Teacher Appreciation Week: Why I Teach: Laura Logsdon
COTTONWOOD – When asked to explain why she teaches, Laura Logsdon of Mingus Union High School answered, “Because I want to make a difference in my world and for others in the world around me. Period.”
Laura teaches English, as well as Advanced Placement English Literature. In her 15 years at Mingus, the only school where she has taught, she’s taught all levels of Standard English.
The desire to teach struck Laura while she was living in San Francisco and had read a series of articles on the life of a high school student.
“Some of the stories of the things the students were experiencing, from the peer pressure and bad decision-making, to the struggles with teachers, to feeling left out, struck a familiar chord with me, as I, too had some of those same experiences,” Laura said. “It was literally one of those light bulb moments.”
She said she had never considered teaching. “And in that moment, on that day, I realized I had something that I could offer to kids.”
The idea that she is working for something larger than herself is what motivates Laura. And that motivation hasn’t changed since she started teaching.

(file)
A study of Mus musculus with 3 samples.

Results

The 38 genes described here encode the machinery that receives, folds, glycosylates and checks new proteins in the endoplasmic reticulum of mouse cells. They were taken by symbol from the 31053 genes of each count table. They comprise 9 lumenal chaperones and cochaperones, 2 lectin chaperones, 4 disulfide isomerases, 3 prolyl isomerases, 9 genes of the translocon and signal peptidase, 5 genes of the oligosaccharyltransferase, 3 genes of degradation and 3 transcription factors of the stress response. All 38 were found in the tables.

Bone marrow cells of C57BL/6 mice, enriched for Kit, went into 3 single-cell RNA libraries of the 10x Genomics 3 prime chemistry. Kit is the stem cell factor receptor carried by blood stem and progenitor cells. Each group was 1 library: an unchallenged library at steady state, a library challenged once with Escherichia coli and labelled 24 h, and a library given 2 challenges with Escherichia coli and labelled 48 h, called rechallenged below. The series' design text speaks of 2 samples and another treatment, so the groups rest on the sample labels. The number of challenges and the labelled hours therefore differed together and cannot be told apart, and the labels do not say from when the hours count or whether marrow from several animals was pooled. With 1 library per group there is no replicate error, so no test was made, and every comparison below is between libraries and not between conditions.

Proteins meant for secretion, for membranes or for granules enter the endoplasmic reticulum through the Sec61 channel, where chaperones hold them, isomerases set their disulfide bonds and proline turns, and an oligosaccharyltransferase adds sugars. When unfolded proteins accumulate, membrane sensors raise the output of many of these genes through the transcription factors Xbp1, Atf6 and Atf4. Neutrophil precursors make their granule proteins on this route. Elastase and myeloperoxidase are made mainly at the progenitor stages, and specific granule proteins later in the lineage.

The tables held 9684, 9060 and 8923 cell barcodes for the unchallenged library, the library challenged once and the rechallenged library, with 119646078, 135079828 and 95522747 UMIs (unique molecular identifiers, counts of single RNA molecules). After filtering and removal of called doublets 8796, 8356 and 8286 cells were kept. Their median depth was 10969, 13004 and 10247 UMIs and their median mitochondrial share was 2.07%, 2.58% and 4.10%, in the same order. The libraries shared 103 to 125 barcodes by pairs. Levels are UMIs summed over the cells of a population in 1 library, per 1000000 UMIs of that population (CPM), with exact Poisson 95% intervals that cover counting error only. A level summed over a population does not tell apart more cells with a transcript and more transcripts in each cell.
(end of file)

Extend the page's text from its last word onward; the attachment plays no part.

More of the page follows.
“I think teaching is a sacred act,” Laura said. “This idea that you hold the development of a child’s mind, her creativity, sense of self and of the world in which she lives, in your hands – that is a profound charge, and one I take very seriously.”
And that goes directly to what gives Laura the greatest sense of accomplishment in teaching.
“Seeing a student make a real world connection to something we’re learning,” she said.
Although she teaches English, Laura feels that she’s really teaching the human experience in what we read and in the stories we tell. “So when I see a student touched by this, when she writes an essay about her own lonely experiences as an outsider after reading Catcher in the Rye, or when a boy in class speaks up about what it’s like to be discriminated against because of his ethnic background after reading How It Feels to Be Colored Me, I tingle and I sigh and I feel exhilarated.
“This is what I’m here for, I think. This is why I do this.”
There is also true joy in teaching. According to Laura, that joy comes first and foremost through the simple act of “laughing.”
“If a day goes by that I don’t laugh once in any of my classes, well, that’s a sad day,” she said. “What most of the people I talk to don’t know is just how funny teenagers are.”